Oil Search shareholders keep the faith

SHAREHOLDERS are maintaining faith in Oil Search, enabling it to buck the trend of its peers Santos and Origin Energy whose stocks both dropped this week.
Oil Search shareholders keep the faith Oil Search shareholders keep the faith Oil Search shareholders keep the faith Oil Search shareholders keep the faith Oil Search shareholders keep the faith

Shares in Oil Search jumped 3.5% on Tuesday morning while Santos and Origin, which both operate LNG projects, were trading 0.4% lower each at $7.51 and $11.21 respectively as a major drop in the price of crude weighs heavily on the sector.

Oil Search's shareholders brushed aside the 1.5% West Texas Intermediate oil price fall to $US50.15/barrel. It did not hurt that the company this week reported record quarterly production of 7.41 million barrels of oil equivalent for the second quarter. That was 7% higher than Q1 and 40% up from the same time last year.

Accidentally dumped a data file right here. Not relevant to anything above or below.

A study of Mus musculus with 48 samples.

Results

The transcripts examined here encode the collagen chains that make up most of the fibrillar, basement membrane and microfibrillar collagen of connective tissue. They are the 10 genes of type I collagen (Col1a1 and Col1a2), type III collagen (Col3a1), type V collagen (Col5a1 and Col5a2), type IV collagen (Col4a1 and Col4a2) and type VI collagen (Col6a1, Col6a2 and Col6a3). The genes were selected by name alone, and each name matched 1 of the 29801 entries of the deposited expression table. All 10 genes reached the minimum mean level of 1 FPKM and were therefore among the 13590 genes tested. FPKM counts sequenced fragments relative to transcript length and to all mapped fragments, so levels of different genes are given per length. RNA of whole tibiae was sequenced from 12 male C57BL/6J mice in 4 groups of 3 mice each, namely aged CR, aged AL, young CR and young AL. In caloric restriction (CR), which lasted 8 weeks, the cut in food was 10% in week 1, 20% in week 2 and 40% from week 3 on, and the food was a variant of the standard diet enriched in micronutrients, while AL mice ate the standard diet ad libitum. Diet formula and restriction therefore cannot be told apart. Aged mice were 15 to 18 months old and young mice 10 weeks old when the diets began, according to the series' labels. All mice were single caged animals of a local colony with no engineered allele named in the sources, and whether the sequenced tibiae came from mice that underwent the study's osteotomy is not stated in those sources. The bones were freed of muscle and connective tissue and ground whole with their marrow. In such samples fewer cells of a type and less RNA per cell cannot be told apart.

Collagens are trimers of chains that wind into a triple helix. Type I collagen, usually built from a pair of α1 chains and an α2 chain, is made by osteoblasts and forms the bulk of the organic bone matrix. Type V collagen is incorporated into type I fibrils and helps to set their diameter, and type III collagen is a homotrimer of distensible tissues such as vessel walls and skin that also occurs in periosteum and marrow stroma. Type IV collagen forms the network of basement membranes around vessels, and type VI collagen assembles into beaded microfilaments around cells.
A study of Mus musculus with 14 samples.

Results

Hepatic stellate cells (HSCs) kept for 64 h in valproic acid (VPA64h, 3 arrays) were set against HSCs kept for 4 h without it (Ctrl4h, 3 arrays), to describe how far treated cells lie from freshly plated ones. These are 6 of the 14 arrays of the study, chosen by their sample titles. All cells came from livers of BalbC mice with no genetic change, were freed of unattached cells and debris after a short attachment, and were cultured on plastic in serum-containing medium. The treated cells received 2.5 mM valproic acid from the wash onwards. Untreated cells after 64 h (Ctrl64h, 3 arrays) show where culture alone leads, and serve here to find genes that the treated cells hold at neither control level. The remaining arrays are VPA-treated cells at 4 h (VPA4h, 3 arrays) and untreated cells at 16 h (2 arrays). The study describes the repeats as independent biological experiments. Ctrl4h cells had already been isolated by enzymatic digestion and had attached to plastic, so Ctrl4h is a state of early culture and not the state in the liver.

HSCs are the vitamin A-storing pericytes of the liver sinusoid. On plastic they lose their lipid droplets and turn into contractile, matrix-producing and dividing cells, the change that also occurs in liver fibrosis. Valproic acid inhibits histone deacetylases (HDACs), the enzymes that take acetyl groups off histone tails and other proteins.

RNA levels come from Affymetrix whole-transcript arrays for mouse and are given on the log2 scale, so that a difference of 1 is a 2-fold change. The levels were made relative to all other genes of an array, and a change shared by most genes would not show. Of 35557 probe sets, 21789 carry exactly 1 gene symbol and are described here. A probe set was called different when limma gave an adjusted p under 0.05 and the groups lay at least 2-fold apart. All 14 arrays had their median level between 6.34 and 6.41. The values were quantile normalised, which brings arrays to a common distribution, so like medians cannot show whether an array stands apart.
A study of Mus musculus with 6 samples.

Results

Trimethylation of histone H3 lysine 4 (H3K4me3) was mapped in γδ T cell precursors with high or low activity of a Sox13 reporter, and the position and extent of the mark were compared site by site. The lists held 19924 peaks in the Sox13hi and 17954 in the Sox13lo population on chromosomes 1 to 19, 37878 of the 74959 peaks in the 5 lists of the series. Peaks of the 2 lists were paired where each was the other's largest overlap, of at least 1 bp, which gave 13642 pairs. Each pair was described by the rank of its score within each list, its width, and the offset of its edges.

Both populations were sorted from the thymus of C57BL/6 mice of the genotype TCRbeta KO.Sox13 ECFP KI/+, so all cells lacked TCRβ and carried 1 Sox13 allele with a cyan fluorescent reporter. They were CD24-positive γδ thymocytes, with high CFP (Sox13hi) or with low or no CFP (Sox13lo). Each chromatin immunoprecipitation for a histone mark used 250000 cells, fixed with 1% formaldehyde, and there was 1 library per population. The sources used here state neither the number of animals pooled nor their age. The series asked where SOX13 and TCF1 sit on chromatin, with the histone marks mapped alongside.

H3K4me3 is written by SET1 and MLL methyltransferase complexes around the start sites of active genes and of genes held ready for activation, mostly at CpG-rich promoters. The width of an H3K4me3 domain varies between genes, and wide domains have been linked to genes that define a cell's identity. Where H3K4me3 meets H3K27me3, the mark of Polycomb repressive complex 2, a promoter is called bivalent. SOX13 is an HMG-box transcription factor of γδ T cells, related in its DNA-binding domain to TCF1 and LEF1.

While it is well known that the ramp-up of the ExxonMobil-operated PNG LNG projects was the key driver, Oil Search also upgraded its 2015 production forecast to between 27MMboe and 29MMboe compared to its previous guidance range of 26-28MMboe.

Oil Search also managed to lower production costs in the face of declining global energy prices, saying full year production costs would fall to $US9 to $11 per barrel compared with earlier estimates of $10 to $12/bbl.

The company is not entirely immune from dropping oil prices though. Its total Q2 revenue dropped 17% to $US391.5 million as gas prices fell 35% over Q1, although a rebound in crude oil price helped offset some of the loss.

To compare to its fellow LNG producer, Santos also suffered a drop in revenue when it reported its quarterly last week but its share price fell.

Motley Fool analyst Brendon Lau said this was because Oil Search was tipped to generate a "massive amount of cash" from the ramp up of its PNG LNG project in the near-term, which would put it in a strong position to pay down its $4.3 billion debt.

Lay said Oil Search also had $750 million in undrawn corporate credit facilities and held S843 million in cash.

Since PNG LNG started production in April last year it has exported more than 7 million tonnes of LNG in "take or pay" contracts that oblige customers to pay for the gas regardless of whether they need it.

"For this reason, I believe Oil Search is the best placed among the major oil and gas stocks and I see a 20% upside to the stock over the next 12 months," Lau said.